How the insurance industry is ‘doing good’ in communities | Insurance Business America
Insurance companies today do a lot more for their communities than just providing risk mitigation and risk transfer products and services. According to the Insurance Industry Charitable Foundation (IICF), many agencies provide volunteer days where staff contribute to a service project for a local non-profit, or the business adopts a non-profit organization and puts on a campaign to help with fundraising.
In fact, the IICF reports that more than 300,000 hours of volunteer service has been completed for non-profits in the foundation’s over 25 years of helping communities.
Major companies in the insurance sector also often have social responsibility and community giving goals. Sedgwick, for example, partners with and contributes to organizations that provide sustainable solutions for the social, health, and educational needs of its communities.
“We embrace and encourage every office – and we have nearly 900 of them around the planet – that each of them in their own community with the make-up of their workforce, whether they’re a small office or a large office, whatever they want to get engaged in in their community, they should do that,” said David North (pictured, above), president and CEO of Sedgwick. “We should encourage that, and provide our financial resources and our commitment to allow people to have the time to devote to things that they care about as individuals – that to me is the power of our charitable intent.”
Read more: ‘The culture of the insurance industry and raising money for charity go hand in hand’
In Phoenix, the company has provided support to the Children’s Hospital, while in Memphis, where Sedgwick is headquartered, the company does a lot of work with Le Bonheur Children’s Hospital. North was also asked to sit on the Board of Trustees for the University of Memphis, besides Sedgwick’s other involvements with education, such as the sponsoring of that university’s Finish Line Program, which helps students who had to abandon their college degrees get over the ‘finish line.’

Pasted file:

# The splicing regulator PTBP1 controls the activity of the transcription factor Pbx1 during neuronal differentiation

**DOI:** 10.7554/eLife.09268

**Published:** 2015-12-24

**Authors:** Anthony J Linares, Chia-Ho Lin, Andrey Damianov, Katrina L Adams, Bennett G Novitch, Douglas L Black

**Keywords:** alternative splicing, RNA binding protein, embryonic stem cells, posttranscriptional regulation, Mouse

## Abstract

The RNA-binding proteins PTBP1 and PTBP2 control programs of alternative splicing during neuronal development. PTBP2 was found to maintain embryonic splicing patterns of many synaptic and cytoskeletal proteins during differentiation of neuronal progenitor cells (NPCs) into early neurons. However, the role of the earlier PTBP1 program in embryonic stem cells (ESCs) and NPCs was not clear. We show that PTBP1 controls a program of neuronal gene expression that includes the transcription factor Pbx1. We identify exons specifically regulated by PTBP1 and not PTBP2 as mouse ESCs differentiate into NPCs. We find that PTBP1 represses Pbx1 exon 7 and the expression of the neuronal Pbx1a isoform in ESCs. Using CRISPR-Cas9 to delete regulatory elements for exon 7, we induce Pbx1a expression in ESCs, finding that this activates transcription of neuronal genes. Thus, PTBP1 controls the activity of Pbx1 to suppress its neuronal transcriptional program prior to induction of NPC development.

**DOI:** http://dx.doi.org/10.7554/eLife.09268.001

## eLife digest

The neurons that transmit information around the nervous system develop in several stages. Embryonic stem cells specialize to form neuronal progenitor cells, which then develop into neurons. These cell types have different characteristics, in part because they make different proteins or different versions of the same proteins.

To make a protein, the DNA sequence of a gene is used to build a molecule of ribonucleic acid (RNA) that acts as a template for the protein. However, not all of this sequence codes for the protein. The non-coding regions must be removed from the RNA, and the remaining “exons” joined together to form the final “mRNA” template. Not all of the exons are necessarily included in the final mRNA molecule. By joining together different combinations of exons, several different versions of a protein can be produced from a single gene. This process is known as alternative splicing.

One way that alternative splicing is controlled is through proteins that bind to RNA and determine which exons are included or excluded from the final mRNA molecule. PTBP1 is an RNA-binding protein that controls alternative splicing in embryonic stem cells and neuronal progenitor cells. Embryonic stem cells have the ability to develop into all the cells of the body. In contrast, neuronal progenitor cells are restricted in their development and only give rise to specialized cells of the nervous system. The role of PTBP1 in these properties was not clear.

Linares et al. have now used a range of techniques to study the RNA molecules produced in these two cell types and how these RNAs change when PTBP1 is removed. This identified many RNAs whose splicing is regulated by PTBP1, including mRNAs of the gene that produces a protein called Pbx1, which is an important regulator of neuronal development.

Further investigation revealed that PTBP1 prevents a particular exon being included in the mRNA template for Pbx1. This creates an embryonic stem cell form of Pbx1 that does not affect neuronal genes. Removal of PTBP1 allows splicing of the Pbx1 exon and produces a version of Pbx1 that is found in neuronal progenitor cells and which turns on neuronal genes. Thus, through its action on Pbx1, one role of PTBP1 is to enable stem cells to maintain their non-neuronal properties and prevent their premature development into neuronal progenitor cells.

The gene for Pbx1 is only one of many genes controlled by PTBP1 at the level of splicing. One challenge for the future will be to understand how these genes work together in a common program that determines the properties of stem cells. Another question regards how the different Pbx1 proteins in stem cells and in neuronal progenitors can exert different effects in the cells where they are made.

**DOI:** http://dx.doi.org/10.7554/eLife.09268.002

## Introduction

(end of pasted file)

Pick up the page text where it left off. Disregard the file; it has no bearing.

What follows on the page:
For some insurance professionals, their involvement with communities is incredibly personal. Dillon Behr (pictured, below), an executive lines broker at Risk Placement Services (RPS) in Chicago, spent eight years in the US military. During his last mission in Afghanistan before coming back to the US in 2008, he was left with gunshot wounds and injured by shrapnel, and it took around two years for him to physically recover from the injuries, including having a prosthetic hip implanted.
“I went to grad school after that, and bounced around in different jobs where I gained a little bit more experience in the ‘real world’ outside of the military before landing at RPS,” said Behr.
After getting out of the military, Behr also opened a CrossFit gym at the Walter Reed National Military Medical Center, where he was medevacked to after getting injured in Afghanistan. There, he helped coach wounded warriors while they were doing their physical therapy and rehabilitation to get back to the life they had before. Today, he works to support several veteran service organizations, and advocates for veterans while mentoring them in their next steps.
“That’s one of the things that has always been really important to me. I’ve benefitted from a lot of non-profit organizations and even corporations helping me out along the way through school, physically through sports trips, and one of the things that I am starting to see a little bit in the insurance industry and I’d like to take a step further, especially here at RPS, is getting veterans transitioned out of the military and into good paying jobs in insurance,” Behr said.
“One of the things that we’re trying to do on our team specifically in executive lines is hire more veterans, so it’s something that is just getting underway, but I think it’s an underserved population in the insurance industry, and I think that veterans have a lot that they can gain and a lot that they can provide to the industry as well.”
With insurance companies bringing millennials and other younger generations into their ranks, community involvement is that much more important. The IICF reports that the millennial workforce wants an opportunity to give back and make a difference, and is looking for ways to get involved in helping. Those values fit with the insurance industry’s commitment to give back, as well as the myriad of other ways that insurance companies lend a hand.
Read more: Where insurance companies have stumbled in bringing and keeping millennials on board
“Often people say that there’s a shortage of adjusters or there’s a lack of people or we’re going to run into a crisis – we just don’t see that or believe that at all. There is a huge workforce out there of people who want to come and work for Sedgwick, and do good,” said North. “They are looking for a lot of what our industry has to offer, of having a job that allows them to have contact with people where they can help and provide care, and do it in a creative environment with innovative technology – and the insurance industry has all of that.”